YouTuber takes problem solving to new heights, rents helicopter to solve viral Physics question

The YouTuber rented a helicopter to find the answer to a question that appeared on the 2014 US Physics Olympiad team qualifying exam

A youtuber rented a helicopter to settle a Physics debate. Photo: Youtube

Both fiction and real life have many instances where people have gone to great lengths to solve a mystery or find some solution to a problem. However, Derek Muller, who owns a YouTube channel named Veritasium, took the ability to newer heights by renting a helicopter to find the answer to a physics question.

The YouTuber rented a helicopter to find the answer to a question that appeared on the 2014 US Physics Olympiad team qualifying exam. The question was based on a hypothetical scenario of a rope hanging beneath a helicopter. It had been popular ever since the paper was released, since no one could agree on the answer.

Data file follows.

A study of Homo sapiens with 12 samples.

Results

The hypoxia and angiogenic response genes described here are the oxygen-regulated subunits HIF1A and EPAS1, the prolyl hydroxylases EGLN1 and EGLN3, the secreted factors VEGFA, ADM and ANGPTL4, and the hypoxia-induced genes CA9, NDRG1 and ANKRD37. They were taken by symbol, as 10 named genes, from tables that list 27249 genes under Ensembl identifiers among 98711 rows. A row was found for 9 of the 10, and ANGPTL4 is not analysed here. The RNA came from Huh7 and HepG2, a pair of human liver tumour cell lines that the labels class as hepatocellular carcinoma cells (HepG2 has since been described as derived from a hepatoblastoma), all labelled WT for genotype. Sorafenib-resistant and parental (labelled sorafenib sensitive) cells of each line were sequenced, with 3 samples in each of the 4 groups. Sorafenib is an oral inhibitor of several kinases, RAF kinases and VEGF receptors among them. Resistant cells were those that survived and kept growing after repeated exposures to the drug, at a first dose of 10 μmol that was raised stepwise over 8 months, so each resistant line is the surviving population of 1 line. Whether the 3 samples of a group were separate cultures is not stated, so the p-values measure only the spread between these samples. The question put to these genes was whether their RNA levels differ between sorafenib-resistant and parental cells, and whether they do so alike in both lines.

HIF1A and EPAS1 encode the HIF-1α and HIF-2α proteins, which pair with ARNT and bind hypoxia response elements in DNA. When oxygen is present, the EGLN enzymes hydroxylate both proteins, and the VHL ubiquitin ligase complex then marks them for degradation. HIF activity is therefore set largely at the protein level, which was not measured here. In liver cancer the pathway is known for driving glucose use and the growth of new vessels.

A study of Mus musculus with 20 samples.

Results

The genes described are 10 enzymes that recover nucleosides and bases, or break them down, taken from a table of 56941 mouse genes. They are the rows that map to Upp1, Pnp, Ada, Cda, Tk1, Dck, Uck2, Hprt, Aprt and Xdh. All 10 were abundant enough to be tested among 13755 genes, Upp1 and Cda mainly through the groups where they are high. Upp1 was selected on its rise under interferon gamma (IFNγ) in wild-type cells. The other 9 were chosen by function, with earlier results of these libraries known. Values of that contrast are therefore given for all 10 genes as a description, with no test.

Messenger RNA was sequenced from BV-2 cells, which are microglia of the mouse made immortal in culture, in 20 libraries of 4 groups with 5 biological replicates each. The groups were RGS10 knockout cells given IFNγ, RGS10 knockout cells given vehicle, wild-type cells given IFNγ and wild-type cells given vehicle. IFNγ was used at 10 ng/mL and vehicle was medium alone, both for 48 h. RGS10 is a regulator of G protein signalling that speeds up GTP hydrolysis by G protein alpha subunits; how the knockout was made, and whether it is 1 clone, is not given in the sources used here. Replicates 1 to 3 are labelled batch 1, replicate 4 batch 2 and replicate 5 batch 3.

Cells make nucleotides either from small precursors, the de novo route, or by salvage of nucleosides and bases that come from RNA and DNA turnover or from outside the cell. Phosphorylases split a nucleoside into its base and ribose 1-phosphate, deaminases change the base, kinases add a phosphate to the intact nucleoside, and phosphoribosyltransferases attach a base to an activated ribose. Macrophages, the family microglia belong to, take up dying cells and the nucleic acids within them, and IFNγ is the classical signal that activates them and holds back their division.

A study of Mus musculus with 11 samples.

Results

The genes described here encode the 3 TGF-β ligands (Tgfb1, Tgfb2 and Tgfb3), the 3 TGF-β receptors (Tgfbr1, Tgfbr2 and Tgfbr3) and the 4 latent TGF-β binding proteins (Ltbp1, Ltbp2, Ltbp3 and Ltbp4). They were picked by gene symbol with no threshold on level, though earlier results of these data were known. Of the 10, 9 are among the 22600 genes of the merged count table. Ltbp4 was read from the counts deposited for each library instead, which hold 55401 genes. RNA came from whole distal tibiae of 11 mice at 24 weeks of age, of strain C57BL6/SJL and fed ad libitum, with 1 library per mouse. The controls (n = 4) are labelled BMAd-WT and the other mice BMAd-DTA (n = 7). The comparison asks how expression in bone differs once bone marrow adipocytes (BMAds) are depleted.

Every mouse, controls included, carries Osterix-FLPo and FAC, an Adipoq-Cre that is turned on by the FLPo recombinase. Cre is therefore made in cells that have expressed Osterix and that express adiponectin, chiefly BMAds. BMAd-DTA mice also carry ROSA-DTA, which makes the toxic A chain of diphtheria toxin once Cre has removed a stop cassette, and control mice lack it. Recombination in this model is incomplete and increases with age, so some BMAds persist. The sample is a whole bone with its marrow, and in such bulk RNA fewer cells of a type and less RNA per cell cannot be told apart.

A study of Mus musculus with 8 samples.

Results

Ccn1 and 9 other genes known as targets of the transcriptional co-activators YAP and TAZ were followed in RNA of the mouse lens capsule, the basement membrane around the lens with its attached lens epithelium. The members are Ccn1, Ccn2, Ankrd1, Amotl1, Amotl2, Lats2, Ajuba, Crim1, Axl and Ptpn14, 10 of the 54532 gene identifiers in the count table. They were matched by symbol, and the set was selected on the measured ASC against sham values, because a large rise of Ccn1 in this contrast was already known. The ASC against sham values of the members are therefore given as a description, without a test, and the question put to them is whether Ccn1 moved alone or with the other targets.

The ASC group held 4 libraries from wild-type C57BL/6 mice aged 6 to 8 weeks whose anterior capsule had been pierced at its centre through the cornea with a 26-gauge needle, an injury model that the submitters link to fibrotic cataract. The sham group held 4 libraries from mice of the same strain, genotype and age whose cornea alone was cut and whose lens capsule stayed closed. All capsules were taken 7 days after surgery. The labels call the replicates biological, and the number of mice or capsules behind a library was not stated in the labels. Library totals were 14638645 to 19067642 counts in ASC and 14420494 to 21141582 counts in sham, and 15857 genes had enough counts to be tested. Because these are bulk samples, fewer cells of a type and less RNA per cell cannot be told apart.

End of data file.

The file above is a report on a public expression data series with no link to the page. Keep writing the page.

Muller made the scenario real by trying out the question in a helicopter and making a video on the same. The video has gone viral, receiving over 3 million views till date.

https://www.youtube.com/watch?v=q-_7y0WUnW4

Before conducting the experiment, he asked viewers for what they thought was the correct answer. Surprisingly, when the poll results were declared, not many had voted for what actually turned out to be the correct answer.

Muller even attached a parachute and kettlebell separately to the rope to find out the correct answer. He concluded the 12.58 minute video by saying that depending on what was attached to the rope, the answer could be either of the options B, C or D, that were printed on the question paper. However, for a rope hanging without any attachments, as mentioned in the question, the correct answer would be option B.

Muller had gained fame earlier when he had uploaded a video showing how the wind-powered vehicle Blackbird could outrun the wind itself. The video ignited a controversy, with Alexander Kusenko, a physicist at the University of California claiming that Muller was incorrect.

The two later bet $ 10,000 on the issue whether a model vehicle built on the principle as Blackbird could work successfully. The bet was held in the presence of famous scientist Sam Caroll and celebrity science commentator Neil deGrasse Tyson, with Muller later winning the bet.